The clear water beads hidden in this gel-filled sensory bag add a fun and unexpected textural element! Its great combination of textures makes it our all-time favourite—and it only requires a few simple materials to make!
My kids and I have filled sensory bags with all sorts of substances, but we frequently find ourselves going back to either hair gel or water beads. They have an amazing texture that we just can’t get enough of. And that is precisely why this bag, which combines both, is our all-time favourite!
If you’ve never played with water beads, I highly recommend you try them. They offer a fantastic sensory experience provided your kids are old enough not to put them in their mouths. And if they’re not, no problem! Just place the water beads inside a sealed sensory bag and your little ones will be able to join in on the fun as well—minus the choking hazard.
I love how sensory bags allow younger kids to explore a variety of textures that they otherwise wouldn’t have had the opportunity to experience!
How to Make a Surprise Water Bead Sensory Bag
In order to make this sensory bag, which combines the fun textures of hair gel and water beads, you’ll only need a few simple materials:
- Gallon-sized freezer bags (we buy ours at Costco when they go on sale)
- Gorilla Tape (optional)
- Clear hair gel or sports gel (whatever’s cheaper, as long as it’s not too watered down)
- Clear water beads
- Fine and/or chunky glitter (optional)
Note: Some water beads come in packages with pre-sorted colours while others, like the one I purchased, do not. I don’t mind because I use the other colours for various projects, but get whatever best suits your needs!
Note About Prepping Bags
I always prep my sensory bags in advance by double-bagging them and taping the seams shut. This doesn’t make them completely leak-proof, but it does make them last a lot longer and minimizes the mess from any leaks that may occur.
We love sensory bags, but we hate when they leak, and freezer bags tend to be pretty weak at the seams. I like to prep several bags in advance so I always have some ready to go whenever we want to make new sensory bags!
1. Hydrate Water Beads
Start by hydrating the water beads. To do so, place a small amount in a large bowl and fill the bowl with water, then let it sit for several hours.
If it’s your first time using water beads, keep in mind that you really don’t need a lot as they are very absorbent and grow to many times their original size! I usually only use about one teaspoon at a time.
2. Sort Water Beads (Optional)
If your water beads came in a variety of colours that weren’t pre-sorted, you’ll have to sort them. Just be careful, because they’re extremely bouncy and they have a tendency to end up everywhere!
You could also try sorting them before you hydrate them, but they’re so tiny that I’m not convinced that would make things any easier. It’s also harder to tell the colours apart when they’re that small.
For this bag, I like to use clear water beads because once they’re mixed in with the clear hair gel, you can’t tell they’re there until you press down on them. I find that it adds a fun element of surprise!
But if you don’t care about that, feel free to skip the sorting and use any colour or combination of colours you like. The colour has no bearing on the texture, so it’s completely up to you.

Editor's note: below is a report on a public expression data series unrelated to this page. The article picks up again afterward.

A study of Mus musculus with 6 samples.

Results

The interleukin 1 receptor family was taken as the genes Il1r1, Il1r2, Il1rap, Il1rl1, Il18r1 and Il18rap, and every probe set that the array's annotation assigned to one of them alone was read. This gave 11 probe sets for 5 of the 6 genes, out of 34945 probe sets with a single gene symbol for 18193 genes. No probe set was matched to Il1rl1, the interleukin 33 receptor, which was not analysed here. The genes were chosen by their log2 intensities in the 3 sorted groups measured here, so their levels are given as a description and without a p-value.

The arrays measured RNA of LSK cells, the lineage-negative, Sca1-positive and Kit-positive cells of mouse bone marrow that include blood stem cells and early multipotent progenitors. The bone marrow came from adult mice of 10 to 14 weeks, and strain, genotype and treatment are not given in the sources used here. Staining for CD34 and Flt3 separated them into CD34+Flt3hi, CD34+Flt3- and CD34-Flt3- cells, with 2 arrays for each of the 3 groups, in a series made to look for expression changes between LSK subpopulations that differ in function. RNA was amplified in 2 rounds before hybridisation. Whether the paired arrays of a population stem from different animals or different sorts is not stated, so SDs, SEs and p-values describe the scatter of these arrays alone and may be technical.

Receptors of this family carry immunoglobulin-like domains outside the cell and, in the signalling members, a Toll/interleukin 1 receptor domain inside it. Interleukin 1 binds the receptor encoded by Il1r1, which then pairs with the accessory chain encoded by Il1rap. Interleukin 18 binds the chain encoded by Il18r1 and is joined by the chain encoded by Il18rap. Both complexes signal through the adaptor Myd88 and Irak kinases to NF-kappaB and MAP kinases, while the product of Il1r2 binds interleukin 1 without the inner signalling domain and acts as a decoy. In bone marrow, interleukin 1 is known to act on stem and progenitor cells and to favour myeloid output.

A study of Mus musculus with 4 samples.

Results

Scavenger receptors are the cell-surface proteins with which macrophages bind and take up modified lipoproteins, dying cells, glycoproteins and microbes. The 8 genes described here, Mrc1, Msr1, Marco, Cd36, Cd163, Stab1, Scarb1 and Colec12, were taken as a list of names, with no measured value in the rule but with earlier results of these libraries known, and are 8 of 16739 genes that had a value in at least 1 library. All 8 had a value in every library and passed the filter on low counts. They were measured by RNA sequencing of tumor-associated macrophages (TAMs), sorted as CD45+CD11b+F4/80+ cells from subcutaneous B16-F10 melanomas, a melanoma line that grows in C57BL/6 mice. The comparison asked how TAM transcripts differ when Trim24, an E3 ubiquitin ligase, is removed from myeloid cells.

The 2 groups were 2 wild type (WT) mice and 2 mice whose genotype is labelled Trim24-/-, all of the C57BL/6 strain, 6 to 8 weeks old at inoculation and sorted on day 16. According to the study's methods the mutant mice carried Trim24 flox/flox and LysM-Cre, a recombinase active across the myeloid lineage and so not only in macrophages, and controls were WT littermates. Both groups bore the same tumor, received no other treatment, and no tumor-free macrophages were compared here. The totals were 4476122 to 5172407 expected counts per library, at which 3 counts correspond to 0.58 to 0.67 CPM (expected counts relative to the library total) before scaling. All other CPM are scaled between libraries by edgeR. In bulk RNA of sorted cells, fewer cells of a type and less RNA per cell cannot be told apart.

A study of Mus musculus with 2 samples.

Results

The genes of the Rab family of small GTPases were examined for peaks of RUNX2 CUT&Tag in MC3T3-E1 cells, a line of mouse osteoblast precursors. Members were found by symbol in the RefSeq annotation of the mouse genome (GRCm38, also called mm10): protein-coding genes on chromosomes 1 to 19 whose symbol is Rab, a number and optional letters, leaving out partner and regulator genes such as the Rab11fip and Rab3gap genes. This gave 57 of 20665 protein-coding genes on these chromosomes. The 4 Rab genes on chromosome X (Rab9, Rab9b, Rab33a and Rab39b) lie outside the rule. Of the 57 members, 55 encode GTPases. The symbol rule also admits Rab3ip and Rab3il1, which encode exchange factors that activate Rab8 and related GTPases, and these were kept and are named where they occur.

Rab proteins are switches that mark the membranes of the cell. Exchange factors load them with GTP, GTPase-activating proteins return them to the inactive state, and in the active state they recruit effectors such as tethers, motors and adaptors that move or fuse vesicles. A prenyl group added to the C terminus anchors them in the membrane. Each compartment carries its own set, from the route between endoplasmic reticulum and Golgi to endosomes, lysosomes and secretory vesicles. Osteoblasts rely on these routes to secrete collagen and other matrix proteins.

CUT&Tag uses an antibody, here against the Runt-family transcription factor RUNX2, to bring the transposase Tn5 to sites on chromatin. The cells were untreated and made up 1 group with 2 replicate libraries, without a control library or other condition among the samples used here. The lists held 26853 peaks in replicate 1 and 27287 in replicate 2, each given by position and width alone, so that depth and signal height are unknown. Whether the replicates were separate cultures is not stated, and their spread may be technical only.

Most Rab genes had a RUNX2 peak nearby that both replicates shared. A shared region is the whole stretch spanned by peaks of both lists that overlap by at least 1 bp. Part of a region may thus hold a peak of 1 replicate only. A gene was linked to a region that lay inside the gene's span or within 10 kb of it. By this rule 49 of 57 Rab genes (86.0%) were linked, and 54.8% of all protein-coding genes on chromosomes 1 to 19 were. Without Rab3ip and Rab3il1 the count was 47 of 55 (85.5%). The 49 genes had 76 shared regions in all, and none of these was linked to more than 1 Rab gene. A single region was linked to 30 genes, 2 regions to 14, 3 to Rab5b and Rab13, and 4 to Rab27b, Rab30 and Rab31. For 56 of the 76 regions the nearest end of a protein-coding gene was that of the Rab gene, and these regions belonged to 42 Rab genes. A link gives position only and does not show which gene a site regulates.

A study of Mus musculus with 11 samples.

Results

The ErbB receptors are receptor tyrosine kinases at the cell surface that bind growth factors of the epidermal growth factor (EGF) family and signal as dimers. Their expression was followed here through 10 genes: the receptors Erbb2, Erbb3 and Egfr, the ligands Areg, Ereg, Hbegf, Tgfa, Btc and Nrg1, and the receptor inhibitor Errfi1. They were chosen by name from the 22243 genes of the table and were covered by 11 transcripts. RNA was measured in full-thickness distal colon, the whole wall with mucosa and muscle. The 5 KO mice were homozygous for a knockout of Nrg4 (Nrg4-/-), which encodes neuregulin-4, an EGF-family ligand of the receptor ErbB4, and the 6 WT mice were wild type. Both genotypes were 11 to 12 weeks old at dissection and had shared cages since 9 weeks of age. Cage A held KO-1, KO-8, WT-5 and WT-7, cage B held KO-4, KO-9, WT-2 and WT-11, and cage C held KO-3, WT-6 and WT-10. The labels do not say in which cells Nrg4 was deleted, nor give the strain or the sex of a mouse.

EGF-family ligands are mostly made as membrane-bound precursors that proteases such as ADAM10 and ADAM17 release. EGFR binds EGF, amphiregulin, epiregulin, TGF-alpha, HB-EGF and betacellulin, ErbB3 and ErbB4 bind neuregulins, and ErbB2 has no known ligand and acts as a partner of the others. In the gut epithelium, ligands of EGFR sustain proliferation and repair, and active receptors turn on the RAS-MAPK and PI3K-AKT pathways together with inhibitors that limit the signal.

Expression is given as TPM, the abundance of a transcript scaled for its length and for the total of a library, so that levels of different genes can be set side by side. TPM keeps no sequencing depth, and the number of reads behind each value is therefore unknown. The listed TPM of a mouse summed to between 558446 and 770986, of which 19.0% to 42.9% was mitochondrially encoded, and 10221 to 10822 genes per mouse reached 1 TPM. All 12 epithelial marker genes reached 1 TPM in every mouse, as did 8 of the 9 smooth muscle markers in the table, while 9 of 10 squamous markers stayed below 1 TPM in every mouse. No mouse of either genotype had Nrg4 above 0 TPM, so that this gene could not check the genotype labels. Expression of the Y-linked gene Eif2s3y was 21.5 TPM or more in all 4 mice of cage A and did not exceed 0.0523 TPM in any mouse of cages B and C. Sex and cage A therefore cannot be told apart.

3. Add Water Beads to Bag
Once you’ve chosen your colour(s), place the water beads in the bag.
If you’ve prepped them using my method, make sure to place the water beads in the inside bag, as the bags can be really annoying to clean if you accidentally pour something in between them. (Especially if that thing is hair gel—trust me on that one.)
You can use as few or as many water beads as you like depending on the sort of texture you’re trying to achieve.
4. Add Hair Gel
Next, squirt in the hair gel or sports gel.
We buy ours from Walmart, and we like to always keep at least one bottle on hand for sensory bags. The bottles we get contain 350 ml each, and we typically use up almost the entire thing for this project.
5. Add Glitter (Optional)
Glitter is optional, but if you’d like to add some, you can do so at this point. I used silver because I thought it looked nice with the clear gel, but you can choose whichever colour you like.
Adding glitter might make the water beads a little more visible, especially if you add a lot, but we enjoy squishing it around the bag. Just remember that a little goes a long way, and that it’s much easier to add more than to remove it if ever you’re not satisfied with the amount!
6. Add Water (Optional)
You can dilute your hair gel with tap water if it’s really thick, but I generally don’t.
Once you’ve added water, press out as much air as possible from both bags and seal them up. Squish the contents around until every part of the bag is filled, and decide whether you’re happy with the texture.
If you’re not completely satisfied, you can always push the contents away from the zipper and add in more hair gel, water beads or glitter!
7. Seal Bag
Once you’re happy with how it looks and feels, you can zip up the bags and, if you’re using my method, tape the top shut.
And that’s it! Very simple, but the combination of hair gel and water beads gives this bag an amazing texture!
What are your favourite sensory bag fillers? Sound off in the comment section!